We interviewed founder and CEO Cam MacKugler, who applied to the Shark Tank through the show’s online casting process at the end of last summer. “We had just finished our first gardening season in business, and had grown in one year from a Kickstarter campaign to placement in Home Depot stores,” he said about the Vermont-based business.
Here’s what else he told us about…
How the Idea Came About
I majored in architecture in college, and after graduating, worked at a design-build firm in Middlebury, Vermont, designing sustainable elements for buildings, oftentimes including vegetative elements like growing walls and roofs. One summer, I was asked to house sit for a co-worker. Because it was Vermont, his house was actually an 80-acre dairy farm, and I was paid with full reign over their gigantic garden. One evening while harvesting dinner in the garden, I noticed how all of the plants were meticulously spaced, how different plant types were organized in specific locations, and in my mind I saw a blueprint. I wondered how I could combine architectural precision with agriculture, and then dropped my harvest, sprinted inside the farmhouse and using my co-worker’s kids’ crayons sketched out the first drawing of the Seedsheet.
Experience With Kickstarter
Kickstarter was a phenomenal way to market test the product, demonstrate consumer demand, and start cultivating brand awareness through media coverage. We were featured in Fast Company and Motherboard the very day our Kickstarter campaign launched, and 30 days later we successfully surpassed our $30,000 goal. Kickstarter literally started my company with a win, which provided the traction necessary to immediately thereafter close a $500,000 Angel round, and help get Seedsheets picked up by wholesale buyers like Zulily, Gardener’s Supply and Home Depot.
One in three American households already grow some amount of food, be it a veggie garden outside or a basil plant on the windowsill. While gardening is fairly common through much of the country, it has only in recent years started to flourish in urban areas. The majority of our web sales have shipped to cities like San Francisco, LA, Austin, Houston, New York City and Boston. Our customers are predominantly millennials who have a genuine interest in knowing where their food comes from and what chemicals were used in its cultivation. Young parents especially love Seedsheets because they not only engage and educate their children on the growing process, but also helps them feed their kids with confidence. There’s a budding desire for food transparency in the country, and for a better understanding of what “good food” really is; from taste, sustainability, and ethical standpoints. Right now the average bite of food travels 1,500 miles, 40% of food is thrown out, and plants are being genetically modified to prioritize pesticide/herbicide-residence and stability in packaging. Our customers are people that want food transparency, want to know where their food comes from, and want to feel confident that they’re feeding themselves and their family the healthiest and most nutritious food possible. By making it easy for them to grow their own food, we can provide that confidence.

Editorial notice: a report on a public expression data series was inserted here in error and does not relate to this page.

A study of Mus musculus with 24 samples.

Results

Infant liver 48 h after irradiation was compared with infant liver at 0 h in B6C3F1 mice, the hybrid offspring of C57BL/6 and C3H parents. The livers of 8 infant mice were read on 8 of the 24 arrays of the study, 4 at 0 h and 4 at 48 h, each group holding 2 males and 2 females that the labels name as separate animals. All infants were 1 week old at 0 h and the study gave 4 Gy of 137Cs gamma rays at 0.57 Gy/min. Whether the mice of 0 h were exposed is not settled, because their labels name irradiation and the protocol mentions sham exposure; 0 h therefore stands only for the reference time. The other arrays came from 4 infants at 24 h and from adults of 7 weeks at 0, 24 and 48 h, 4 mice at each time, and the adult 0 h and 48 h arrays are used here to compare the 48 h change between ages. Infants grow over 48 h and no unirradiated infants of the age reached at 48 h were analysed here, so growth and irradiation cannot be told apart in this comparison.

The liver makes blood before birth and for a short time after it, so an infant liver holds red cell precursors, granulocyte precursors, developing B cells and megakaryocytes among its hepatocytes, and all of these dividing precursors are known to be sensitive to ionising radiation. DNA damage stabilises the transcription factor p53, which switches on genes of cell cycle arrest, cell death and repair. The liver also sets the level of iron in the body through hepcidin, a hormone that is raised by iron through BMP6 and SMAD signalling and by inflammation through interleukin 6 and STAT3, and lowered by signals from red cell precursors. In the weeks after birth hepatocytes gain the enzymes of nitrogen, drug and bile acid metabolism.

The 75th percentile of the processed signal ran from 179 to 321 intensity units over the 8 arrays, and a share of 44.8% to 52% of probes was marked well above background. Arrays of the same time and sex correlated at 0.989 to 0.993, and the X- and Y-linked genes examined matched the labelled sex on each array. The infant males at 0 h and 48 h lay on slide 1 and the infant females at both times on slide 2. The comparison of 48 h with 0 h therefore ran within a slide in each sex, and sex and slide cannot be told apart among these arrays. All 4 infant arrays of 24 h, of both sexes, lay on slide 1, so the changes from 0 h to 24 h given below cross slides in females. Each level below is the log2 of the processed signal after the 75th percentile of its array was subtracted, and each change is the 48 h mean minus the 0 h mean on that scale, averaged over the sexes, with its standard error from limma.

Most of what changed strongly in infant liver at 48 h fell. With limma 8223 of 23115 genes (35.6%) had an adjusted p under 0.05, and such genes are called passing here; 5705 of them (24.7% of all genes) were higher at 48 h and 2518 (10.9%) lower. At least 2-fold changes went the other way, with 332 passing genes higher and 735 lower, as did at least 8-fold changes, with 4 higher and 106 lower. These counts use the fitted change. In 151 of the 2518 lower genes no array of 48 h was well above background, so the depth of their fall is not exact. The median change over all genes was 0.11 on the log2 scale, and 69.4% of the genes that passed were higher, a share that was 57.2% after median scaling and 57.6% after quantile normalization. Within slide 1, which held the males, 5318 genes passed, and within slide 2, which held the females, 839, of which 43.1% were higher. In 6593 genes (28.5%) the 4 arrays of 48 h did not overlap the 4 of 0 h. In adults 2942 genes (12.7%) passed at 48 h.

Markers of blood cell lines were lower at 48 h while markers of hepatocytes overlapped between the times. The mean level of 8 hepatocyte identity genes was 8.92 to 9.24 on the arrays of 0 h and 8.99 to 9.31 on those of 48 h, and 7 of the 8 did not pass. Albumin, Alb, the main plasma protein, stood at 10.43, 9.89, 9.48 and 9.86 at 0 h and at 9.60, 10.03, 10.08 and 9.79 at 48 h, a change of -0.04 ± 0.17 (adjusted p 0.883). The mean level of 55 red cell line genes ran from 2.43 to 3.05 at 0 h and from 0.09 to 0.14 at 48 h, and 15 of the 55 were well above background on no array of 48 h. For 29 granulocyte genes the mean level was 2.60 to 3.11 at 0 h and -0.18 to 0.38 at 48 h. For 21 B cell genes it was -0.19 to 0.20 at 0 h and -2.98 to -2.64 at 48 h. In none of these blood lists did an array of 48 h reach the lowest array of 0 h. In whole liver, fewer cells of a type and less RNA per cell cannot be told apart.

Advice for Future ‘Tank’ Contestants
Be memorable, and flirt with ridiculousness. I read articles prior to pitching that stated that sometimes even great products that receive deals don’t make it to air because they lacked entertainment value. Shark Tank is a TV show at the end of the day, and its the producers’ job to make exciting TV. This is advice that is applicable outside of the Tank too, especially in trade show environments where you are one of 2,000 vendors trying to grab the attention of a few big-box buyers. You can have a phenomenal product, but if you can’t convince someone to stop and learn about it, you’re going to be fighting a losing battle.
Plans for the Future
My plan with Seedsheet is to continue to make gardening easy, and increase our product offerings to include larger sized gardens, and eventually commercial rolls. By removing the barriers to gardening, the time it takes to plant, and the maintenance and upkeep of weeding, I hope that we can again return to an era of abundant homegrown harvests. We can transition away from eating plants that are modified for their ability to withstand chemicals or ship across the country without spoiling, and instead eat plants that are naturally bred for nutrition and taste. I plan to put a farmers market on everyone’s windowsill, stoop, yard or rooftop.